By Tim Hardy
Ubiquitous personal communications media turn our activity into passivity, capturing it and putting it into the service of capitalism. Angry, engaged, desperate to do something, we look for evidence, ask questions, and make demands. Yet the information we need to act seems perpetually out of reach; there is always something we misunderstand or do not know.
Jodi Dean, Communist Horizon
I’ve never made a secret of my unease with social media. For all its potential advantages, I always feel lessened by the time I spend using it. Whether I’ve been engaging in a collective Two Minutes Hate in response to the troll du jour, or trying to argue a point before the number of participants in the thread overwhelms the claustrophobia of 140 characters or digging into a new story that old media is reluctant to touch, the effect is always the same. I feel slightly depressed, emotionally drained and frustrated every time I engage with the world via twitter. I cannot bring myself to use Facebook where the despair sets in the moment I see the front page.
Social media is compulsive in the way that a fruit machine is compulsive. It is designed to hook you in and to keep sticking coins in the slot in the hope of a jackpot retweet or response, the little ego-strokes of recognition and reward that condition us to keep coming back.
It promises a cure for boredom and in doing so robs us of the time alone and silence needed to think.
Let me just check one more time if anyone has responded and then I’ll move on.
We switch from our phone to our laptop – then check once more that nothing has changed in the moments we were away.
At times we scroll backwards endlessly, trying to read everything, determined that nothing will escape our attention, like Canute trying to turn back the tide, until, hours later, we tear ourselves away with painful, dry eyes and cramped fingers, having learned nothing.
Social media plays on the same anxieties from which advertising profits. Am I popular? Do people think I’m interesting? Attractive? Funny? And it measures it with ruthless precision. You know exactly how many people follow you. You know exactly how many times someone has liked or repeated your words or images. You cannot switch this off or ignore it. It is by design part of your identity on that network and the bare statistics are shoved in your face every time you log in.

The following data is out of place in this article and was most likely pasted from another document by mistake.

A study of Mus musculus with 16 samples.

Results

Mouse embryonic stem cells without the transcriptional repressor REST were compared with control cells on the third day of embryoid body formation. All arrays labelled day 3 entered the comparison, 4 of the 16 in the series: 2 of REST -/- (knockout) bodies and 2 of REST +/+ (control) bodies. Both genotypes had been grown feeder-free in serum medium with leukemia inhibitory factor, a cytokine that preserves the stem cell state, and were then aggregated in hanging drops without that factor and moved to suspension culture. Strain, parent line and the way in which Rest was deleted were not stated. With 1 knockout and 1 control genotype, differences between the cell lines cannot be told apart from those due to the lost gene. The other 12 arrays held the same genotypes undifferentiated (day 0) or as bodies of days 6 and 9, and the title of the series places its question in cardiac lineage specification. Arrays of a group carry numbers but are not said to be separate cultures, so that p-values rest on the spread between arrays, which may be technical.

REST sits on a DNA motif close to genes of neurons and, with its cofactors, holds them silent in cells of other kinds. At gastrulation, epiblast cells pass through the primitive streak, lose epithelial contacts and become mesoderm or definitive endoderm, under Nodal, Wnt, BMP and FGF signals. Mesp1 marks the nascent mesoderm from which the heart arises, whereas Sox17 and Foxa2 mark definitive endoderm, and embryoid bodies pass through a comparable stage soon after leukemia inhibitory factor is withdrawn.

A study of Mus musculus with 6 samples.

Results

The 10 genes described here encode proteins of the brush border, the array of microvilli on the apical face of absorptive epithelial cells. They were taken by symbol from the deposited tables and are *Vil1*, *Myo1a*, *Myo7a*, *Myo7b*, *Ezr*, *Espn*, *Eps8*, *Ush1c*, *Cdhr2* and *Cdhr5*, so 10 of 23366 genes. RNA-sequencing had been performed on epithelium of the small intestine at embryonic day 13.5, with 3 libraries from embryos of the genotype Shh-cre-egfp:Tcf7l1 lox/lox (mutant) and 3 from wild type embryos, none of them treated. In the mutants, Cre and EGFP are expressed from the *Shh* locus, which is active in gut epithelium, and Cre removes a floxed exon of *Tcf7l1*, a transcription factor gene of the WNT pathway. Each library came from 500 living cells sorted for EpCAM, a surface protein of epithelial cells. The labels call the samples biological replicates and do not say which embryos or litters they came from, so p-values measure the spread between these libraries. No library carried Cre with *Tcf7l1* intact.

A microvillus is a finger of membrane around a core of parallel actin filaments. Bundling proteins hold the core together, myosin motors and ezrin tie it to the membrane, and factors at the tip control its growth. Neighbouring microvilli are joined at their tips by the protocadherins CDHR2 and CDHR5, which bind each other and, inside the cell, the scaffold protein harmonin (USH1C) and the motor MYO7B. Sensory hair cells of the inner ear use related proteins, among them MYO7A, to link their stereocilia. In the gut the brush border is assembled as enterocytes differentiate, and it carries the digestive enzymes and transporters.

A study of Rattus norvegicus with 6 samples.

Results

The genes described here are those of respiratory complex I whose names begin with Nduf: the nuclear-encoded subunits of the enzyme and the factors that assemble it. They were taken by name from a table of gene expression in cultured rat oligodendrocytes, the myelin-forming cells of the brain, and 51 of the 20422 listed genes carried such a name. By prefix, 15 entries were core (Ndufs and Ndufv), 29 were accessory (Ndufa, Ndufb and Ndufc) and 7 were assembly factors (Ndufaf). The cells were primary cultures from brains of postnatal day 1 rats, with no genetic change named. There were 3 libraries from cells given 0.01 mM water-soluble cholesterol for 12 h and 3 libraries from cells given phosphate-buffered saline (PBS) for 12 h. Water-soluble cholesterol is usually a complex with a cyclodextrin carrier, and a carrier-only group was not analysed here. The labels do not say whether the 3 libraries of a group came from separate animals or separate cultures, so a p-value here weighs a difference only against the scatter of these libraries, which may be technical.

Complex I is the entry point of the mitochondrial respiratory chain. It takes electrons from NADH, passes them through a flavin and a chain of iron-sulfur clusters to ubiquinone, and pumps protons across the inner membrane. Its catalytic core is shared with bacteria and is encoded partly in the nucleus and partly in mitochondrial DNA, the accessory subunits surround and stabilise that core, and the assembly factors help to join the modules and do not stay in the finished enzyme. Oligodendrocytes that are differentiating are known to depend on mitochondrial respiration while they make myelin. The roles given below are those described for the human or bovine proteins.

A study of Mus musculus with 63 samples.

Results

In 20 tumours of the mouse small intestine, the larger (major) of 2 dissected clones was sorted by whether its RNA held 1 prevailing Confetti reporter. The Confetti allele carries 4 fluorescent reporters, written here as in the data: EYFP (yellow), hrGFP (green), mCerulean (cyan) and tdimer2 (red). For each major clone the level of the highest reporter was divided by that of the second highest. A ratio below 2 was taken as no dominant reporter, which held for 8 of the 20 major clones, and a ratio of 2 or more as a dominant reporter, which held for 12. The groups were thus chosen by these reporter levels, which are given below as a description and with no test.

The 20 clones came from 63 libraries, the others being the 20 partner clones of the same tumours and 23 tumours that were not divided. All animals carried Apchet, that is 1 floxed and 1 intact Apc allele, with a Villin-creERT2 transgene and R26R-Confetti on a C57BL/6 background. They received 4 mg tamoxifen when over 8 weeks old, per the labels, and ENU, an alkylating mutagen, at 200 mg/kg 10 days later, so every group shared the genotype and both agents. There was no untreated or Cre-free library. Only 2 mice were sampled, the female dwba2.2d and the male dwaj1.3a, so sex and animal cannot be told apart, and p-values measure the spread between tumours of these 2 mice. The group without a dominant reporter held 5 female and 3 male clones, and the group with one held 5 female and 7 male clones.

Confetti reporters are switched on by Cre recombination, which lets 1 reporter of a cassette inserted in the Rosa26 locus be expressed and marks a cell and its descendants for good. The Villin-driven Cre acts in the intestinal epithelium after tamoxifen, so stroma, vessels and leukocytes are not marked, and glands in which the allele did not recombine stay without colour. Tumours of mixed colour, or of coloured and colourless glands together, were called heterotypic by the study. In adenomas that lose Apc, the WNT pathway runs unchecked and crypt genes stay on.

Perhaps this is just me but I do not feel that I am alone in responding this way.
In a substantial excerpt from her new book Communist Horizon at Guernica, Jodi Dean warns of the danger that social media encourages us to focus on the spectacle at the cost of organising:
The cost of the exponentially expanding circuit of information and communication is particularly high for progressive and left political movements. Competition for attention—how do we get our message across?—in a rich, tumultuous media environment too often and easily means adapting to this environment and making its dynamic our own, which can result in a shift in focus from doing to appearing, that is to say, a shift toward thinking in terms of getting attention in the 24/7 media cycle and away from larger questions of building a political apparatus with duration. Infinite demands on our attention—demands we make on each other and which communicative capitalism captures and amplifies—expropriate political energies of focus, organization, duration, and will vital to communism as a movement and a struggle. It’s no wonder that communicative capitalism is participationist: the more participation in networked media environments, the more traces to hoard and energies to capture or divert.
She hints in the following parenthetical aside at ways in which network technology could however be used to empower left political movements:
The limits of attention are not only the limits of individuals (and so can be resolved by distributing labor and crowdsourcing).
We cannot return the genie to the bottle nor would I argue is it desirable to do so. I am deeply concerned about our collective political failure to adjust to the many consequences of technological change not least that of “de-skilling” – the automation of routine manual tasks – but to wish for a return to a simpler past is simply nostalgia and an indulgence we cannot afford. Just as technology can send labour overseas so to can it be used to organise collective labour for our own ends. The Global Village Construction Set is an example of using distributed intelligence and skills sharing to build an open source, low-cost, high performance technological platform that will enable industrial productivity on a small scale, allowing small communities to become self-sufficient more easily.
Technology can be genuinely disruptive. Even if, in the long-term, social media distracts and makes dissent easy to track and control, it can mobilise at short notice, bringing people together onto the streets in sufficient numbers to topple a regime.
The negatives do not mean that we should reject technology but that we need to be more critical about it, to ask more questions about the circumstances of its production, the purposes to which we put it and the potentials we are not using. It is too easy for most of us to confuse the flickering shadows on the cave wall of our screens for reality.